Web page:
Explorer

Hello,

In my organization we are planning to use distributed search and index where our requirement is 3Gb data volume in index per day.
Could you please suggest how many Index node and search nodes should be enough to give optimum output?


SplunkTrust
SplunkTrust

In order to know the answer to either, we need to know more about your environment. The easy answer to your question is "Probably one server, maybe two for redundancy, probably 3-5 if you have a virtual environment you can steal some cycles from." The harder but better answer is "It depends on so many things."

That said, at least some very vague ballpark ideas can be gotten.

So, 3 GB/day is a small amount. This will fit perfectly fine on a single indexer, even virtualized. You may even be small enough to keep your search head on the same box, too, but I'd suggest against it for reasons mentioned farther down.

First, talk to your Splunk rep. They can bring in someone to help you decide what sort of direction you ought to take given your environment. Second, talk to your Splunk rep about training, there's a lot of great education classes available on how to manage this environment. Third, talk to your Splunk rep about possibly getting some professional services time to help you stand this up.

Are you getting the idea your Splunk rep may be of help here?

If it were up to me and knowing so little about data retention needs, redundancy and reliability requirements or even search load, I'd say something like the following.

If you need a proof of concept, you should have no problem fixing up one decently specced system (physical or virtual) with enough disk to make this work. But be careful you don't let that turn into a production box unless you PLAN it to be your production environment. A smallish virtual machine, sometimes just running off my desktop, can be a good enough PoC sometimes.

If you have a virtual environment, I'd build a pair of indexers in a cluster (makes LOTS of things better down the road, even if it's slightly more complicated to start with). One search head. One Cluster Master. One "extra" machine (Deployment Server, License Master and whatever else). You can use Ubuntu or CentOS just fine, so there's no real licensing cost except whatever your hypervisor costs you. Splunk also costs by the MB/day ingestion rate, not by how many Splunk servers you have. So in this case a reasonably apportioned set of indexers and search head, the rest can be pretty small boxes.

In a physical environment, oh that makes this small scale stuff hard to do right. Hmm. Honestly for 3 GB/day you can just stick it all on one. That has some upsides, but also has some downsides. Upside is a single management place. Downside is that means you'll have a very hard time keeping configs isolated - not a problem as long as you stay single machine but if you grow and start dividing out your roles among other machines you'll find you'll have a lot of untangling to do. Also it means you won't have the resilience of multiple clustered indexers or search heads.

If you wanted to mix and match between physical and virtual, I'd say put indexer(s) physical first, then SH, then I don't think I'd suggest physical for any of the other machines, they simply don't need enough oomph. But, investigate what you buy - especially the indexers have some specific IOPS requirements, and will have disk space requirements too. Splunk can help with sizing them, I think.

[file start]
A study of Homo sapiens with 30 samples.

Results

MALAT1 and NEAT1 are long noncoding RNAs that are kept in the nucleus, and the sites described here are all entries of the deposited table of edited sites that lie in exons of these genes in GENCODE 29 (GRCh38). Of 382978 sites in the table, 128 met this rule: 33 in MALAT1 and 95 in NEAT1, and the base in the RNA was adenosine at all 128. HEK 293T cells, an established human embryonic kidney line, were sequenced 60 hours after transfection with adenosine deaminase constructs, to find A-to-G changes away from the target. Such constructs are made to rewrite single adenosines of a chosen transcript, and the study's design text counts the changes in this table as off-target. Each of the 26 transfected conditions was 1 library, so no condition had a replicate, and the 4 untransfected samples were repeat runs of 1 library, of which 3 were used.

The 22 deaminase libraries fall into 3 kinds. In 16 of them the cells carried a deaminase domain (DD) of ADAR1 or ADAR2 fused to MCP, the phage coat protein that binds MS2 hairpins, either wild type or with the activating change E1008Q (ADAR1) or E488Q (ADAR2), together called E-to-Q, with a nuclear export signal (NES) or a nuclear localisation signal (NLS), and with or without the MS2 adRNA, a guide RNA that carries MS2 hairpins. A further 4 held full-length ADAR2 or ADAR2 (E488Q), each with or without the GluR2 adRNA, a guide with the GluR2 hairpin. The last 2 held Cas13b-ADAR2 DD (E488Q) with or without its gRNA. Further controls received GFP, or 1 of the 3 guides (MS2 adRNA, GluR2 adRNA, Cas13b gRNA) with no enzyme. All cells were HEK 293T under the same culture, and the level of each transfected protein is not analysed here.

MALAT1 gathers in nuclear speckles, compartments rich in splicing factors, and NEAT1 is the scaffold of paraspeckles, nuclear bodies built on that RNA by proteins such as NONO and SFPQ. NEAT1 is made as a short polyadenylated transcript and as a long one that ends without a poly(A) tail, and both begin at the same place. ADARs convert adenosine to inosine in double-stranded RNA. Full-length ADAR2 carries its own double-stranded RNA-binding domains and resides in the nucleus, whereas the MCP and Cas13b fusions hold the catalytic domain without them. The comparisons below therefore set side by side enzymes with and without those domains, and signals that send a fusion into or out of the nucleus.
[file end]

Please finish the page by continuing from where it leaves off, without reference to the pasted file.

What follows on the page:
Anyway, your biggest questions you'll want to try to find some sort of answers to are

1) Who is the business owner of the project?
2) What are the goals?
3) What sort of funding model is in place, or are you figuring out how that ought to work right now?
4) What searching do you expect to happen?
5) How long do we need to keep each type of data?
6) How much tolerance do we have for a) losing data or b) losing access to data during a DR event?
7) How much data do I have sitting around that would be easy and useful in Splunk (because this data is very likely to end up IN Splunk, so we should really make a plan for it)

Let us know how you get along with this!

Happy Splunking,
Rich


Explorer

HI Rich,

So our setup will be like: 1 splunk machine for SPlunk web UI where only web service will be running.
next to search forwarder machines where we will disable , webapp parameter to decativate web service and same in other to splunk index machines. Does that look fine?

Regards,
Krimesh


SplunkTrust
SplunkTrust

The setup you are going for is probably adequate for your data assuming enough IOPS and only moderate search load (e.g. not 14 users hammering it while it's doing 743 saved searches every evening to send reports to folks.. etc...).

For years we ran a 5 GB/day environment off a single physical windows server with a old 2 CPU 2 Core XEON (=4 CPU) with 16 GB of RAM and 4 15k rpm disks in R10. That really did work OK. It wasn't super fast, but it was fast enough for my couple of users with that little bit of data. Way better than trying to search Firewall data from the FW's interface.

At that time, if I had even a moderate speed search head as a separate machine and had it a bit more CPU and maybe 2 more disks in that RAID 10 set, then performance wise it probably would have done pretty well to double, triple or even more of my data.

If you can swing it use Splunk on *nix. Free ones are fine and several options are available. If that gives you the heebie-jeebies, well, Windows will work fine too. Just not "As fine."

Don't get hung up on disabling the web UI and all that. I honestly don't think the surface area is that much bigger, and frankly it's just more work than IMO it's worth, especially in a small environment. In a non-clustered environment, there is goodness to be had in the DMC on those devices to help keep track of your data.

Do tell your SH to search your Indexer, though.